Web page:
Asthma sufferers are being warned about the impact fireworks can have on their lungs ahead of Bonfire Night and Diwali celebrations.

With both events taking place this month, it’s expected that many fireworks displays will take place across the UK.

While fireworks can make for a fun night with family and friends, they can be potentially fatal to anyone who suffers from the inflammatory disease with the celebratory items able to cause reactions for asthma sufferers.

Why are fireworks potentially dangerous for asthma sufferers?

Asthma + Lung UK’s in-house GP explained that looking after your asthma can be beneficial ahead of a fireworks display.

North Wales Pioneer: Asthma sufferers can help prevent symptoms by looking after their asthma wellAsthma sufferers can help prevent symptoms by looking after their asthma well (Image: Canva)

Dr Andy Whittamore said: "The most important thing is to make sure you’ve been looking after your asthma well, so you can cope better with the poor air quality at a firework display.

“You can help cut your risk of asthma symptoms and an asthma attack by always taking your preventer inhaler every day, as prescribed, going to your asthma reviews, and using a written asthma action plan."

The Asthma + Lung UK website says air pollution levels can be increased by fireworks and bonfires especially when there’s a large display such as on Bonfire Night.

The website adds: “Fireworks are made using a mix of chemicals. One of their main components is gunpowder. This means that when they are set off, they release smoke and lots of different gases.  Breathing in smoke and chemicals like this can irritate your airways and trigger your asthma symptoms.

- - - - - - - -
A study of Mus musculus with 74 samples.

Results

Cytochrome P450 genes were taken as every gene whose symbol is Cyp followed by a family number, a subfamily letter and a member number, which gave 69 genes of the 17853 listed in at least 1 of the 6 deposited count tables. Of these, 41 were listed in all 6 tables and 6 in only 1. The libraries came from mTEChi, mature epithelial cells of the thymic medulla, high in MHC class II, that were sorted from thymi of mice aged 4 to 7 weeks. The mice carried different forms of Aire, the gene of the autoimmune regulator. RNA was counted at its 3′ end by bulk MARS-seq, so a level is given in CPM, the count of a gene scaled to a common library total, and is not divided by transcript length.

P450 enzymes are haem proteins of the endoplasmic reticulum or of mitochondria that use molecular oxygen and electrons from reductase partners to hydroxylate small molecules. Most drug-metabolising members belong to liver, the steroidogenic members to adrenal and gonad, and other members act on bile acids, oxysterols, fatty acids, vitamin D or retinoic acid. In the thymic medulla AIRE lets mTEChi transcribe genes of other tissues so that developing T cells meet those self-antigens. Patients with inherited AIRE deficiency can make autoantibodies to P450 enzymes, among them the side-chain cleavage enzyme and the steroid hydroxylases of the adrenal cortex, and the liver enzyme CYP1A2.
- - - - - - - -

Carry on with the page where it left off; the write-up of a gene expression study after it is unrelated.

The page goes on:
“Air can stay polluted for several hours after a firework display or a bonfire, especially if it’s a still night with no wind to blow the pollution away.”

North Wales Pioneer: Covering your nose and mouth at firework displays can help prevent asthma symptomsCovering your nose and mouth at firework displays can help prevent asthma symptoms (Image: Getty Images)

5 tips to stay well with your asthma when watching fireworks

You should always have your reliever inhaler (usually blue) with you so you can help reduce your symptoms if the smoke affects you.

The people you’re with need to know what to do and when to get help if your symptoms suddenly get worse. A copy of your asthma action plan could be kept on your phone.

If you’re going to a big display, make sure you don’t stand too close to the bonfire and check the way the wind is blowing so you can avoid breathing in too much smoke.

Asthma symptoms can be caused by breathing in cold air so try to wear a scarf or face mask as covering your nose and mouth means the air warms up and could help prevent asthma attacks.

If you know fireworks have brought on your asthma before, try to stay indoors, especially if the air quality is already poor.

You can find out more about asthma and the effects of fireworks displays via the Asthma + Lung UK website.